Darrion Trammell, it’s just a matter of time

Darrion Trammell in pregame ceremonies. Credit: Don De Mars/EVT


The highly anticipated debut of transfer Darrion Trammell wasn’t the breakthrough start the 11,687 fans at Viejas Arena hoped for in SDSU’s 102-52 win over San Diego Christian on Tuesday. 

Trammell seemed very composed with the ball. He was far from perfect on the floor but executed a step-back jumper nicely. As one of the shortest players on the team, the step back is an important way for him to efficiently create separation. He will be difficult to defend from mid-range and beyond the arc. He hit two-of-five from the three-point line. 

Trammell and Lamont Butler:

One question coming into the season was how Trammell and Lamont Butler would play together. 

“If they play well, they’ll both be out there together. I told them they have to be two to one assisted turnovers,” Dutcher said postgame. “They can’t say they’re point guards, they have to play like point guards.”

Butler led the Aztecs with six assists. His three turnovers against an NAIA school is concerning, but he reached Dutcher’s two-to-one benchmark. Trammell had four assists against only one turnover. Even if they were not the immediate beneficiary of an assist in the box score, when both of them were in the game together, SDSU shared the ball better than when other units were on the floor. 

The duo played exactly 12 minutes together against the Hawks, and the results were promising. Eight of the Aztecs’ 24 total assists occurred when Trammell and Butler were on the court at the same time, leading to a scoring differential of +18.

Overall, Butler had no points in the first half and went two-for-two from the floor in the second in just over 19 minutes of play. Trammell, likewise, was scoreless in the first 20 minutes but poured in eight in the second half. The Seattle transfer made two three-point field goals. They were both wide-open looks set up by Butler’s dribble penetration. 

Darrion Trammell brings the ball up against SDCC.
Credit: Don De Mars/EVT

Trammell and Matt Bradley

Another question for the Aztecs heading into the year is who was going to be the main offensive weapon for the team, Trammell or Matt Bradley. They averaged about the same amount of points last season. The San Bernardino native averaged 16.9 points for the Aztecs. Bradley had 12 20-point games last year, with his highest being 30 points against Wyoming on Feb. 28. The Marin City native averaged 17.3 points for the Redhawks last season. Trammell had 11 20-point games last year, with the highest being 39 in the Western Athletic Conference semifinal game against Abilene Christian. 

The key for Trammell and Bradley going forward is bringing the same scoring while also keeping the ball moving on offense. Both used numerous dribbles to get to their spots a season ago. With all the threats around them, stopping the ball by bouncing it frequently could be a gift to the defense. If the Aztecs can be elite moving the ball, Bradley and Trammell would be the greatest benefactors. The duo would thrive in the space created by multiple passes. Their opportunity to score on their second touch would be greater than their first.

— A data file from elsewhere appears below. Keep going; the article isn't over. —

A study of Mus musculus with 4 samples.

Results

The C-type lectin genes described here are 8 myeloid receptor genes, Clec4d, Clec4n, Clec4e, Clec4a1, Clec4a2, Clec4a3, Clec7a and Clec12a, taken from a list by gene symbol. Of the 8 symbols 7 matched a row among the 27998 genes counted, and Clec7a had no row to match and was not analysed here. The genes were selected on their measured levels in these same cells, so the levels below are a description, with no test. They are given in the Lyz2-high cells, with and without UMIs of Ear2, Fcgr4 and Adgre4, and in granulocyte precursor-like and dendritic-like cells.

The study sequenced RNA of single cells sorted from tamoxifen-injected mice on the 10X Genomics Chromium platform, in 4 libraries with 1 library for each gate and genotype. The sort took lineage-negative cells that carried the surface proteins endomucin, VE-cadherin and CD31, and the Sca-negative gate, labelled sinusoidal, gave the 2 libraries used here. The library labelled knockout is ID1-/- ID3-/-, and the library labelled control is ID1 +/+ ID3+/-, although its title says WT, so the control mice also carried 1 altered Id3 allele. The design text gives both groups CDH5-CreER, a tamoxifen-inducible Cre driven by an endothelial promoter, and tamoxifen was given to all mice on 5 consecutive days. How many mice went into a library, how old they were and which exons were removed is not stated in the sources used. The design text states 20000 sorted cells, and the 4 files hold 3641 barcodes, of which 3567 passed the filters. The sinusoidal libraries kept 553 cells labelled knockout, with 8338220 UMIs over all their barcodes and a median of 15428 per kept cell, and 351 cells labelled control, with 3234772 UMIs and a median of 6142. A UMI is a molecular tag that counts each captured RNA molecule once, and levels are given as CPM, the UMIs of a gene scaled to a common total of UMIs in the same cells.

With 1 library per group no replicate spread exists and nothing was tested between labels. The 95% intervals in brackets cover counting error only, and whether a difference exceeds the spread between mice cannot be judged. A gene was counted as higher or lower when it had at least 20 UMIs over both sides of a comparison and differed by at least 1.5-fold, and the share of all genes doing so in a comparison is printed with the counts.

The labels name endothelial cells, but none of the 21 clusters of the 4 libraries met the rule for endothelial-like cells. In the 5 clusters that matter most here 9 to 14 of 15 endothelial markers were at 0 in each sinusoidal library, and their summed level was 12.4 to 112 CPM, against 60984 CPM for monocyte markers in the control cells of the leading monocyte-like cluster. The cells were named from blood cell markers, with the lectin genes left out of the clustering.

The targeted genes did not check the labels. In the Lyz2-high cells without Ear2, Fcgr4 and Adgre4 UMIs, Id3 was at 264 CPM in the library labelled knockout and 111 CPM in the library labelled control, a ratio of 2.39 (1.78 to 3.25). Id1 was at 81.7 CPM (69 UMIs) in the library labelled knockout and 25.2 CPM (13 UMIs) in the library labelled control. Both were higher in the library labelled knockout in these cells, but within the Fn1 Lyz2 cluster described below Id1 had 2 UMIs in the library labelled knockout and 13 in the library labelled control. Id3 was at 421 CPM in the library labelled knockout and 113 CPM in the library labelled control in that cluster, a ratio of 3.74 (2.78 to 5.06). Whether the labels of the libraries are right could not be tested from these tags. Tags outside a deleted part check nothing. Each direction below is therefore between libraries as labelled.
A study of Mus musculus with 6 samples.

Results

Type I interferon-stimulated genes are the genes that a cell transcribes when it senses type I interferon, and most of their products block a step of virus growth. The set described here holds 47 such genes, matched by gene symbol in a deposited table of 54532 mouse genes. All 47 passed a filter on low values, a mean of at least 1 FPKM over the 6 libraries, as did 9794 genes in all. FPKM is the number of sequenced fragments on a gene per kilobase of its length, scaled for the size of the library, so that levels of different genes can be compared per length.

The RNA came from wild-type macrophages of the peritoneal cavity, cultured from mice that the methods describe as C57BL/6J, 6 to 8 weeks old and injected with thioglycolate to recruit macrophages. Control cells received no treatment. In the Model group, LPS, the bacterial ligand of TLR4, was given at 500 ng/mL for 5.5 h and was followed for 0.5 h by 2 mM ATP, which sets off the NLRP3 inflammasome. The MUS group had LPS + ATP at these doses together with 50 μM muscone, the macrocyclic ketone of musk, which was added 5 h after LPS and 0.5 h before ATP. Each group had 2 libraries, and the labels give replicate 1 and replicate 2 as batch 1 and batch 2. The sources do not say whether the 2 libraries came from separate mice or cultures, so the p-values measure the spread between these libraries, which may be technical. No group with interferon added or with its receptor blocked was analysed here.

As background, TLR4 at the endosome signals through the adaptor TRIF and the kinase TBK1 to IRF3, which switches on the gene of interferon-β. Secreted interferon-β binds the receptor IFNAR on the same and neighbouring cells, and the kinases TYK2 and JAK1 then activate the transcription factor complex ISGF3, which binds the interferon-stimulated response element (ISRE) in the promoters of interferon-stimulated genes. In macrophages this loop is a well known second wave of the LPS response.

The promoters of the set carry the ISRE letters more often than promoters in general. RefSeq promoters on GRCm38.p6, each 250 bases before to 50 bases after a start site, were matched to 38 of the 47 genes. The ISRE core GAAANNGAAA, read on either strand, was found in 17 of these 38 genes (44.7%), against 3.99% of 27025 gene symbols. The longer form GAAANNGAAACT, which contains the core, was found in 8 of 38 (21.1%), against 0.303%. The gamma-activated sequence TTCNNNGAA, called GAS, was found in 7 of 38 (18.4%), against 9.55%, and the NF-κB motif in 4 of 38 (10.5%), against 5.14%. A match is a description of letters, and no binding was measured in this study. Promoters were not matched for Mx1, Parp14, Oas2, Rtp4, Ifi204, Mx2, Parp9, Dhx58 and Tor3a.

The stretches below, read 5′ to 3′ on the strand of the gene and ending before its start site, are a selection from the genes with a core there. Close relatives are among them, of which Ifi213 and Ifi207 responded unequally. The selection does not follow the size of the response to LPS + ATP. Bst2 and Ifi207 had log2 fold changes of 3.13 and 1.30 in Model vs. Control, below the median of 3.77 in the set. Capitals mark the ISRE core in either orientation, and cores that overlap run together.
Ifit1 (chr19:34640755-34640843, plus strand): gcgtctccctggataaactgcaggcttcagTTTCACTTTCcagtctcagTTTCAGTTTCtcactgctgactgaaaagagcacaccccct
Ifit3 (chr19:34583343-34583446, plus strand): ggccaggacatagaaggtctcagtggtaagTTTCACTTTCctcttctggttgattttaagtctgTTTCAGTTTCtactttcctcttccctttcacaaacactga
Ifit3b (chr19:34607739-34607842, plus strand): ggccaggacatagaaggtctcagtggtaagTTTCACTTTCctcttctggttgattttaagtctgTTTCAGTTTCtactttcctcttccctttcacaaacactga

Against the Hawks in their first series out on the court, Bradley got a lay-up to open the scoring. After that, the offense went missing for the only time all evening. Trammell and Bradley both missed a pair of threes before substituting out just over four minutes into the game, and San Diego Christian up 4-2. 

At the start of the second half, they played 4:25 minutes together. Points and playmaking abilities started to show for both of them on the court together. Trammell went one-for-two from the floor, and Bradley made a lay-up and assisted Butler on a bucket in transition.

With 7:31 left, Bradley substituted in with Trammell still on the court. Bradley and Trammell both executed fast break lay-ups that were set up by Keshad Johnson. They substituted out 1:28 later.  The Aztecs were ahead by 49.

In just over 13 minutes of play together, seven of the Aztecs’ 24 assists were made. Much of that time overlapped with Butler on the court as well.

Darrion Trammell contesting a jumper. Credit: Don De Mars/EVT

Other details on Trammell’s game: 

Trammell left Seattle as the program’s second all-time in steals per game (2.3) and third in program history in assists per game (5.1). He is capable of impacting a game even if he does not score. 

In a closed-door scrimmage against UCLA, his all-around game was on display. Trammell played just over 31 minutes, went eight-for-15 from the floor, four-for-eight beyond the arc, and four-for-six from the charity stripes for a total of 24 points. He recorded three assists, three steals, and two defensive rebounds. 


Trammell totaled 22:14 minutes against the Hawks. In his first taste of Viejas Arena, he displayed every part of the game that earned him Preseason Mountain West Newcomer of the Year. It was not the breakthrough performance Aztec Nation coveted, but that is coming. It’s just a matter of time.